A Moment Comes by Jennifer Bradbury. Atheneum Books for Young Readers, an imprint of Simon & Schuster. 2013.

moment Review: A Moment ComesThe Plot: India. June, 1947. India will soon have independence; part of the process includes dividing the country into two parts, based on religion.

A Moment Comes is about three teenagers: Tariq, a young Muslim who wants to study in Oxford. Anupreet, a young Sikh woman who has already been touched by violence. Margaret, daughter of one of the Englishmen who is mapping the line between India and Pakistan.

Many things divide these three teenagers: religion, race, privilege, economics. What will they do when the moment comes to test who they are? To know what the “right” thing is?

The Good: A Moment Comes uses three separate voices to look at the partition of India and Pakistan.

Tariq doesn’t want to be involved; he just wants to escape to Oxford. The unlikeliness of this happening gradually becomes apparent. It’s not that Tariq doesn’t have the ambition. It’s that his family is, well, average, with neither money nor connections. He takes a job with Margaret’s father, in hopes that will somehow help him get to England. However, the violence is something he cannot escape, especially since some of his school mates are very involved.

Anupreet has already been touched by the escalating religious violence in her country (soon to be two countries). Her face is scarred. Her family is afraid to let her out alone. In truth, as time passes, it’s not even safe for her to be accompanied by her brother. Working in the household of Margaret’s family is a way for her to escape the prison and sadness of her home. As a Sikh, Anupreet’s experience offers a counterpart to Tariq’s. Both teens, and their families, suffer from what is going on.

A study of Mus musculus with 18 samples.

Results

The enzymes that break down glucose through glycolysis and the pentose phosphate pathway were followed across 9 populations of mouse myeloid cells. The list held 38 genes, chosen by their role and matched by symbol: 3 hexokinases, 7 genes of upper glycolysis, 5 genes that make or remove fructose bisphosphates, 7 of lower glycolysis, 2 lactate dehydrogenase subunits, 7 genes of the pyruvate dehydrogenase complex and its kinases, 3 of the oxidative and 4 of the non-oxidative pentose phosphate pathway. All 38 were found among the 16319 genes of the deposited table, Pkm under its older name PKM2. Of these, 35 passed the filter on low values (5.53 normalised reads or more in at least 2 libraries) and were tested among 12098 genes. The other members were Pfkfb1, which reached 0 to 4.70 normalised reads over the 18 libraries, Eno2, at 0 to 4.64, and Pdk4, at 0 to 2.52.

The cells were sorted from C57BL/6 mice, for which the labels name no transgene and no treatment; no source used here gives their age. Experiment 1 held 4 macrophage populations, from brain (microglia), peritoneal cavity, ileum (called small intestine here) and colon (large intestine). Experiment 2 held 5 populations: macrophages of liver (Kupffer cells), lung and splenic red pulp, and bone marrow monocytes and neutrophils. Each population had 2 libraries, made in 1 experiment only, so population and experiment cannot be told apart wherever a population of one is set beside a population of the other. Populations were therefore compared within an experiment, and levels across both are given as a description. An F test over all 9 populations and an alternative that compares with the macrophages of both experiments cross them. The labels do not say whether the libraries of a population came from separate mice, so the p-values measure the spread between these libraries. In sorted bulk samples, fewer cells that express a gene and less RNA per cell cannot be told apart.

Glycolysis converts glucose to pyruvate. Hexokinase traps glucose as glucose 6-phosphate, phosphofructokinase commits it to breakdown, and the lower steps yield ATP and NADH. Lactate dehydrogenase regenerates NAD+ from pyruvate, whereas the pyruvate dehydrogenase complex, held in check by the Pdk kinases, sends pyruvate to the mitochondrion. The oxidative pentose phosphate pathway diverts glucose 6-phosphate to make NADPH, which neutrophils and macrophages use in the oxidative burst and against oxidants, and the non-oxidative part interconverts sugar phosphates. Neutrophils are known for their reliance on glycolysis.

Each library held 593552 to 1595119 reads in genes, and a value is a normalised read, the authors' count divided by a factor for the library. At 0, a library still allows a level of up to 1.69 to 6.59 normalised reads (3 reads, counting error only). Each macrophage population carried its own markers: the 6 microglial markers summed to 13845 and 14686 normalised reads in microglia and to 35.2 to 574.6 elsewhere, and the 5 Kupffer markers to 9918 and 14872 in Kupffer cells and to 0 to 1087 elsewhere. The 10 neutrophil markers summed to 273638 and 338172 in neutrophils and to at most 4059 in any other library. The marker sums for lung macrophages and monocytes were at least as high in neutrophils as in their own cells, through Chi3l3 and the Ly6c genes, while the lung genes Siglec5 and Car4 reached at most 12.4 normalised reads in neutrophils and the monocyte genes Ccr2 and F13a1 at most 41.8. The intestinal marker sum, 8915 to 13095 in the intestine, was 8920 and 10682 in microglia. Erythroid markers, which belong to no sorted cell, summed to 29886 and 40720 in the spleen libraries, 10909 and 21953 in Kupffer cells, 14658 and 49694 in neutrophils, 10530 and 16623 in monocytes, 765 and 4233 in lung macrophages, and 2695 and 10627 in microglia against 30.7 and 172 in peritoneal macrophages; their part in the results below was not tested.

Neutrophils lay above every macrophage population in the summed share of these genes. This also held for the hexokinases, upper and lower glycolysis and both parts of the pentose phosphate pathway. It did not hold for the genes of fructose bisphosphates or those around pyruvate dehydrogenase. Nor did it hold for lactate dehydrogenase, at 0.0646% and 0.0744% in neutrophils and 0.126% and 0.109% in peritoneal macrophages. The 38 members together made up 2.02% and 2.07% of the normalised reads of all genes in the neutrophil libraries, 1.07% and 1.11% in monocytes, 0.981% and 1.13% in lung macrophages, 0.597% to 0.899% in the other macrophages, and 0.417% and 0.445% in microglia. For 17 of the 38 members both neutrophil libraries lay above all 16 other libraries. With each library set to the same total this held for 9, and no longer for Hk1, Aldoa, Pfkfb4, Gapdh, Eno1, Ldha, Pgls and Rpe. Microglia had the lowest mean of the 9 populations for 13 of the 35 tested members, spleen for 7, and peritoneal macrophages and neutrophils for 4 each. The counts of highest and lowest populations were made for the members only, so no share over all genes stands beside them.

And then there is Margaret, the outsider. She was involved in a bit of a scandal back home, which explains why she is now in India with her parents. Margaret offers the outsider view, to complement the two insider views of Tariq and Anu. Part of what I appreciated about A Moment Comes is how clearly the privilege of Margaret and her parents is shown, and yet at the same time I could sympathize with Margaret. I could both cringe at her ignorance or privilege, and feel for her own sense of displacement and loneliness.

Another thing I really liked about A Moment Comes? What it did not do. Tariq and Anu are working for Margaret’s family, and that divide is always present, just as the divide between Sikh and Muslim is there. Margaret may have a crush on the handsome Tariq, and be jealous of the beautiful Anu, but it’s not “that type” of book. Sorry to be a bit “spoilery,” but Tariq’s concern is getting into Oxford. While he may think Anu pretty, isn’t being nice to Margaret a better way to achieve his goals? But then — it’s not that type of book. It’s much more subtle, and not a soap opera. Rather, it’s three distinct people whose lives overlap but the don’t really intertwine until the end.

And, when they do intertwine — and this is at the end — it’s as much about putting aside individual ego for what is best for others. It’s about figuring out the right thing to do when there is no one “right” thing.

One more thing: by concentrating on the handful of months leading up to the partition, after violence has already started (and the level of violence stunned me), A Moment Comes is focused. This is not about why partition, because partition is coming. It’s a fact that Anu and Tariq and their friends and families must live with. The violence has already started, so this is also not a book about why that is happening. Instead, as with partition, it’s a fact that had to be lived with.

Other reviews: Bookworm 1858; Rich in Color; McNally Jackson Kids.


Looking for a place to talk about young adult books? Pull up a chair, have a cup of tea, and let's chat. I am a New Jersey librarian. My opinions do not reflect those of my employer, SLJ, YALSA, or anyone else. On Twitter I'm @LizB; my email is lizzy.burns@gmail.com.

Comments

  1. This sounds amazing. I love reading about the aftermaths of colonialism, which I think Partition still sort of falls under that umbrella.

  2. Elizabeth Burns says:

    Jenny, let me know what you think! I like how Bradbury uses both views — that of those colonized, that of those who did it.